Looks like declining oil prices have not really affected how much homes in Calgary are selling for. Sure, new listings growth is down, but prices are still holding steady.
Looking at the February real estate stats for Calgary, as released by the Calgary Real Estate Board, new listing growth slowed from 37% in January down to 9% in February, which is a clear sign the panic to sell has passed. In terms of pricing, the unadjusted detached benchmark price was $516,000 in February, a 6% increase from Feb. 2014, and a 0.5% decline from January figures.
Again, looking back to the last time oil prices plunged, in 2008 (when oil was less than US$50 a barrel), the average Calgary home price only dropped by 7% from 2007-2009.
I think that, despite what the media is reporting, sales are still happening in Calgary and even competing offers on homes as well. (The number of) sales are down for sure, but consumer confidence is growing daily. Prices have not really been affected and the forecast is for a moderate price gain by the end of the year.
With spring just around the corner, I believe more buyers will emerge from winter hibernation. However, now is certainly not a bad time to buy a home in Calgary, as there is less competition for houses.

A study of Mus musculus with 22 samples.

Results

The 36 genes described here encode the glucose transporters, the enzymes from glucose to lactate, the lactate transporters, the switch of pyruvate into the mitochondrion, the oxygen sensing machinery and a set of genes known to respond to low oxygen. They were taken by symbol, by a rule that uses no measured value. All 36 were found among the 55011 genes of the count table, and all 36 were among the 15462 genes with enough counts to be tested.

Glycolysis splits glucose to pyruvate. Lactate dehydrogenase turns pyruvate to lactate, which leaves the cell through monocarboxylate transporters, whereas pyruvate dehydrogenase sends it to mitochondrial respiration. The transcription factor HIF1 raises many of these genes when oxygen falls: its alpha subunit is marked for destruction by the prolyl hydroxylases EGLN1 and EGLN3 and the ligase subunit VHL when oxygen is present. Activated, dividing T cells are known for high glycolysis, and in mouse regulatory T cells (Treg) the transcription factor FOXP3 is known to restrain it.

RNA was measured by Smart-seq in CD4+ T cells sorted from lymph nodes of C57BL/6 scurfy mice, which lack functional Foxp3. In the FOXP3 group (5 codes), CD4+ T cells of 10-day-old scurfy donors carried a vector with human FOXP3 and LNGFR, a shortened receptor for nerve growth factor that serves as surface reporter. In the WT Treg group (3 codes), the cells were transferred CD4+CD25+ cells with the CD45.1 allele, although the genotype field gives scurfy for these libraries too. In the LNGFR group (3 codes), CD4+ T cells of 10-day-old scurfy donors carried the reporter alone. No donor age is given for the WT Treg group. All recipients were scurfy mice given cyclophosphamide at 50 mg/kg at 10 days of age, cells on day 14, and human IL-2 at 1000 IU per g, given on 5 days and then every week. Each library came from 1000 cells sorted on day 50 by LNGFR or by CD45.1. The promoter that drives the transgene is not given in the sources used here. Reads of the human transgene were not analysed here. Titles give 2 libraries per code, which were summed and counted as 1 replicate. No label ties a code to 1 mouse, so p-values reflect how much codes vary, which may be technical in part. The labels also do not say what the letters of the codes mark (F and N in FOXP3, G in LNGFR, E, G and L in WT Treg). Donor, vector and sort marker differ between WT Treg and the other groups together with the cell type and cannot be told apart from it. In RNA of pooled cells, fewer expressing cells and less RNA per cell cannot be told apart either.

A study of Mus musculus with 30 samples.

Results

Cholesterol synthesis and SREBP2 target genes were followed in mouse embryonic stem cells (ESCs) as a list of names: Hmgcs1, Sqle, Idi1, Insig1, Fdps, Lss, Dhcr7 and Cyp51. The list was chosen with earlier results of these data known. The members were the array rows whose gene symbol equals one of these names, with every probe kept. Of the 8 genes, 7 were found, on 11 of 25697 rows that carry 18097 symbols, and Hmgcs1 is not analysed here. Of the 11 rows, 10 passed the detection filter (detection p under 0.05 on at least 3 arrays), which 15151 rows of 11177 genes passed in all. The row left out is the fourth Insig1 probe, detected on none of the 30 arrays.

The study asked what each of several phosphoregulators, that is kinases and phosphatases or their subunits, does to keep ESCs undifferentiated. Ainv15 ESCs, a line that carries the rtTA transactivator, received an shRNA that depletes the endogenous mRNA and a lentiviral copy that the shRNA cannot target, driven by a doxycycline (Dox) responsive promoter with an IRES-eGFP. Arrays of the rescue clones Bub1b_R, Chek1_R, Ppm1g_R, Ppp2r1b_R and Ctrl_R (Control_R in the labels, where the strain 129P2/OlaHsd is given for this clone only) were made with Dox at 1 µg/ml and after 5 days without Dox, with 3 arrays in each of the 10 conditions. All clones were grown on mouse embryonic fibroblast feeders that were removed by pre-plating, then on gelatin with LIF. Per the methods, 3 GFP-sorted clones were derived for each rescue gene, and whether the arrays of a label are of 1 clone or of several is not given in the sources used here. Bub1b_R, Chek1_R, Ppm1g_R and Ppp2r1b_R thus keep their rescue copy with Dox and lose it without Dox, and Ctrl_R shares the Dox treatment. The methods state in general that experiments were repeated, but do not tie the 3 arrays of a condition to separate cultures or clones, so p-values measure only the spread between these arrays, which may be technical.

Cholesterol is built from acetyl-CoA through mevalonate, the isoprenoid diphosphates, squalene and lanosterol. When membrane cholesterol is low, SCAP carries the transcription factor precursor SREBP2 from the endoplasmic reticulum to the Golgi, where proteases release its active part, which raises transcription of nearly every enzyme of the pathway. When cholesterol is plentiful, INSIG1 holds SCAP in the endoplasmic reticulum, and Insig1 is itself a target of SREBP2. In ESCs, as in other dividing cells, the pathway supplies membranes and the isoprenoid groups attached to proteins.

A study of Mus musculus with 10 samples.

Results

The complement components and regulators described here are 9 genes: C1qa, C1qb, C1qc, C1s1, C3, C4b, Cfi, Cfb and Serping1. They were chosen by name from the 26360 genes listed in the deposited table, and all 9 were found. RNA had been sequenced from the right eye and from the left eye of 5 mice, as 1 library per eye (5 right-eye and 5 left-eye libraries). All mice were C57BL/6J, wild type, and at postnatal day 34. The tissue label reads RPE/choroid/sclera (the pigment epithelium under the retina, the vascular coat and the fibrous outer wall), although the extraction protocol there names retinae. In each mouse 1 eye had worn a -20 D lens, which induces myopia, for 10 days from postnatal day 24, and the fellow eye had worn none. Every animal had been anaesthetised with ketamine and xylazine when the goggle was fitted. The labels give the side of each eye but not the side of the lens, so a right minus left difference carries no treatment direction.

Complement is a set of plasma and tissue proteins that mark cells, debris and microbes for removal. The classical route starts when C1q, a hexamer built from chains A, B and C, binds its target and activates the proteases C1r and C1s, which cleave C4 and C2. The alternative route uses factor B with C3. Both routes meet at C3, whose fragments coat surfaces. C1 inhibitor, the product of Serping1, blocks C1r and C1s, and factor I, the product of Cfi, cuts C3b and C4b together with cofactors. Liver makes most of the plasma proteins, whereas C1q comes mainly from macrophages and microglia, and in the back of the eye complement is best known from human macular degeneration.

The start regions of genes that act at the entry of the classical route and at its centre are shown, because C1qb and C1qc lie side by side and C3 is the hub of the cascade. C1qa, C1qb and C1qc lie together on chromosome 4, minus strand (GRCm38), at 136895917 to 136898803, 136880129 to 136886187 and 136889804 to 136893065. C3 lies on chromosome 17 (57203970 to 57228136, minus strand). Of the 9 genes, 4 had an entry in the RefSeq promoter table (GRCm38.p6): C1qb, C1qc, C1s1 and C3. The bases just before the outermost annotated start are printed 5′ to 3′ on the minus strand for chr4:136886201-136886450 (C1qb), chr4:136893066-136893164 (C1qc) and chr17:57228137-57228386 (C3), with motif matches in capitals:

I believe buyers now have an opportunity to get exactly what they want for a fair price. If the oil market becomes stable and a 'new normal' is well received, there is a good chance of a 'mini boom', as there are a plethora of buyers sitting on the sidelines waiting to see what happens in the market and with their employment.
Recent history shows how resilient home prices have been in Calgary during slow times in the oil and gas markets. Fortress Real Developments released a report with stats concerning the past five economic downturns in Calgary:
- Between February 1986 and December 1986, oil prices were down 49% year-over-year on average. During that same period, new house prices in the Calgary CMA increased 8% annually on average, said the report.
- Between August 1991 to January 1992, oil prices were down 29% on average, new house prices were down 2% on average.
- Between September 1997 to February 1999, oil prices declined 27% on average, new house prices increased 7% on average.
- Between June 2001 to March 2002, oil prices declined 24% on average, new house prices increased 3% on average.